Recently I talked with the mom of one of our fencers about her son’s progress in his fencing skills. In particular we discussed his need to complement his fencing training sessions and conditioning at the club with at-home exercises. Good athletes know that you can’t focus solely on the skill of the sport; you must also condition your body to be physically ready to allow you to compete at your best. Most clubs incorporate some conditioning into fencing training, but the best athletes know that self-training is part of the game.

This mom let me know that, as is typical of many teenagers, her son was having difficulty staying on a regular schedule with at-home exercises. Parents know that it’s hard enough to get our kids to do their homework, let alone add another responsibility to the hectic week of a teenager. Of course, having the self-discipline to keep up with personal training is difficult for everybody, not only teenagers—even for world-class athletes! It’s one thing to exercise when your coach is watching and a completely different thing to motivate yourself when you’re on your own.

The truth is that most student-athletes DO have time to condition with at-home exercises—it’s just a matter of getting into a routine and sticking with it. I suggested to the mom that she work with her son to create a structure for his at-home training to help keep him motivated.

First, I suggested that we “make it official” by creating a training log and setting the following rules:

  1. Set a period of time, likely either a week or a month, as your training “cycle.” It probably makes the most sense to start with a week at first and then go down to a month over time.
  2. Set weekly/monthly targets in advance for every set of exercises.
  3. Measure baseline capabilities. My suggestion was to measure her son’s capabilities on the first day of the official training routine, and then base future targets on a certain level of improvement over this baseline. For example, if on Day #1 he can do 20 push-ups, then his baseline for push-ups is 20 and targets can be set to increase this number over time. Log the maximum for all exercises you are including in the training. For example: 20 push-ups, 1-mile run, 100 jump ropes, etc.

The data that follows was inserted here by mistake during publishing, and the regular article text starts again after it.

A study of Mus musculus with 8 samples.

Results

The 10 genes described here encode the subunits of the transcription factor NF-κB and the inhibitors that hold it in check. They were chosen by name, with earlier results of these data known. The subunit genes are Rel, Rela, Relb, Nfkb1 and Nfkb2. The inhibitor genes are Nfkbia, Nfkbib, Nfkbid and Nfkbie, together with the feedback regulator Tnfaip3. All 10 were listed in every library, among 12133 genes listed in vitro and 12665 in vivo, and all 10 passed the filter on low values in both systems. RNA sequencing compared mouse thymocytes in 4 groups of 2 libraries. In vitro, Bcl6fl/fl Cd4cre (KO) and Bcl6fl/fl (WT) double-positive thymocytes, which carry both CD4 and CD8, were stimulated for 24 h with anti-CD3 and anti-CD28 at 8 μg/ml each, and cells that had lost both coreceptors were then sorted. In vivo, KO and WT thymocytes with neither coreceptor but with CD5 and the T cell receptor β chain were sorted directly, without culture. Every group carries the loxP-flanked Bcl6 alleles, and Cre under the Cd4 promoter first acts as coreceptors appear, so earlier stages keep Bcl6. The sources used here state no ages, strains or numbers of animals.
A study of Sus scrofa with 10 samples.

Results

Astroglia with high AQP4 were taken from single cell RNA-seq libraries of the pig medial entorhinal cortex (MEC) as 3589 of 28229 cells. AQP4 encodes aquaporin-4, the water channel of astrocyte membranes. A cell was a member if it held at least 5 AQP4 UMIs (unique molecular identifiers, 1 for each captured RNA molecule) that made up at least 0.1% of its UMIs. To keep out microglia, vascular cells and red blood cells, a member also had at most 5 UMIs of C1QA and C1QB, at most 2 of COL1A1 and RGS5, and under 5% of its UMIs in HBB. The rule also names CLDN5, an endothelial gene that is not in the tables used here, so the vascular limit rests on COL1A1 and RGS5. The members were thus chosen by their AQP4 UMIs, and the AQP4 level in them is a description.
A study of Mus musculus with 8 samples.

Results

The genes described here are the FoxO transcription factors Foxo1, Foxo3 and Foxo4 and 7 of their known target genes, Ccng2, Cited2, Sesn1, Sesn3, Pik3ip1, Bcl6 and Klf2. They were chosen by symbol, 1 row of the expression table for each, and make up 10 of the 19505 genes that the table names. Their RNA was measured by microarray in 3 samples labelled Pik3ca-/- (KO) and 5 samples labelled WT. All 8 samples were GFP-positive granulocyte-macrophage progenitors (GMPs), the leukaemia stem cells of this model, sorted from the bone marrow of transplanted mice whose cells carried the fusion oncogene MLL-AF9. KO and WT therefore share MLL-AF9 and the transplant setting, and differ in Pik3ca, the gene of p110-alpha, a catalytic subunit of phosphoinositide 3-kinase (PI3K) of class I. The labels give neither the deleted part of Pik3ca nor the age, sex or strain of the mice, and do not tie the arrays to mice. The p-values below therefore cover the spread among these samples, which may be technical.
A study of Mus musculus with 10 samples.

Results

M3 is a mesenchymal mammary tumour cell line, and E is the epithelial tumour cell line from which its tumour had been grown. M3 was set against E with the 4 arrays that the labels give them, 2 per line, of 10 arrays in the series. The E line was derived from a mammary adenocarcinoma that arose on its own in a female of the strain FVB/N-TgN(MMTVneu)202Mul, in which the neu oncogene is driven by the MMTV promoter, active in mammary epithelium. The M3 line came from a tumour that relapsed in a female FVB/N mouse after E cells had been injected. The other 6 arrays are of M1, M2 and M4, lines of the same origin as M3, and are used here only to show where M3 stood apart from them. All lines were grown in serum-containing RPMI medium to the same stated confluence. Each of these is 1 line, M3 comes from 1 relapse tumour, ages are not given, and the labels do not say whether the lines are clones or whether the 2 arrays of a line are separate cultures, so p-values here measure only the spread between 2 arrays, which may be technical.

4. For the first period, set the target to meet this baseline.
  5. For the next period, increase the target by 5-10%. In our example, that would be 22 push-ups, 1.1 mile run, 110 jump ropes, etc. Continue each period.
  6. After each period, the fencer, parent, and coach should all sign the log. This creates accountability such that the fencer knows that both his parents and his coach will be checking his progress and commitment.

To create your specific set of exercises and the durations or reps for each, you should of course consult with your coach or physician. You will want to include break days or easy days and your coach can help you schedule your at-home training while taking into account your club training schedule. It’s always important to balance the right amount of exercise with taking care not to exhaust yourself.

Keep in mind that measuring the baseline targets at the start of the training routine is key to this process. Using this as a starting point ensures that you’re setting reasonable goals and also serves as a motivational tool to track progress week over week.

Creating a journal to log at-home training is a great way to add structure and accountability to these activities. Depending on your child, you can choose to make it more or less official, more or less complicated. You may even want to combine this with your child’s fencing journal! You can get a two-subject notebook and track self-training and fencing improvement in one place.

If you adapt this type of structure for your child, you will find that it’s much easier for them to make a habit of self-training. Put in some work up front and you’ll smooth the road as you move forward. Don’t forget to celebrate successes! If your child keeps all of his self-training commitments for the first month and improves his targets, recognize the accomplishment. Adding positive reinforcement to the structured training will help your child stay on track.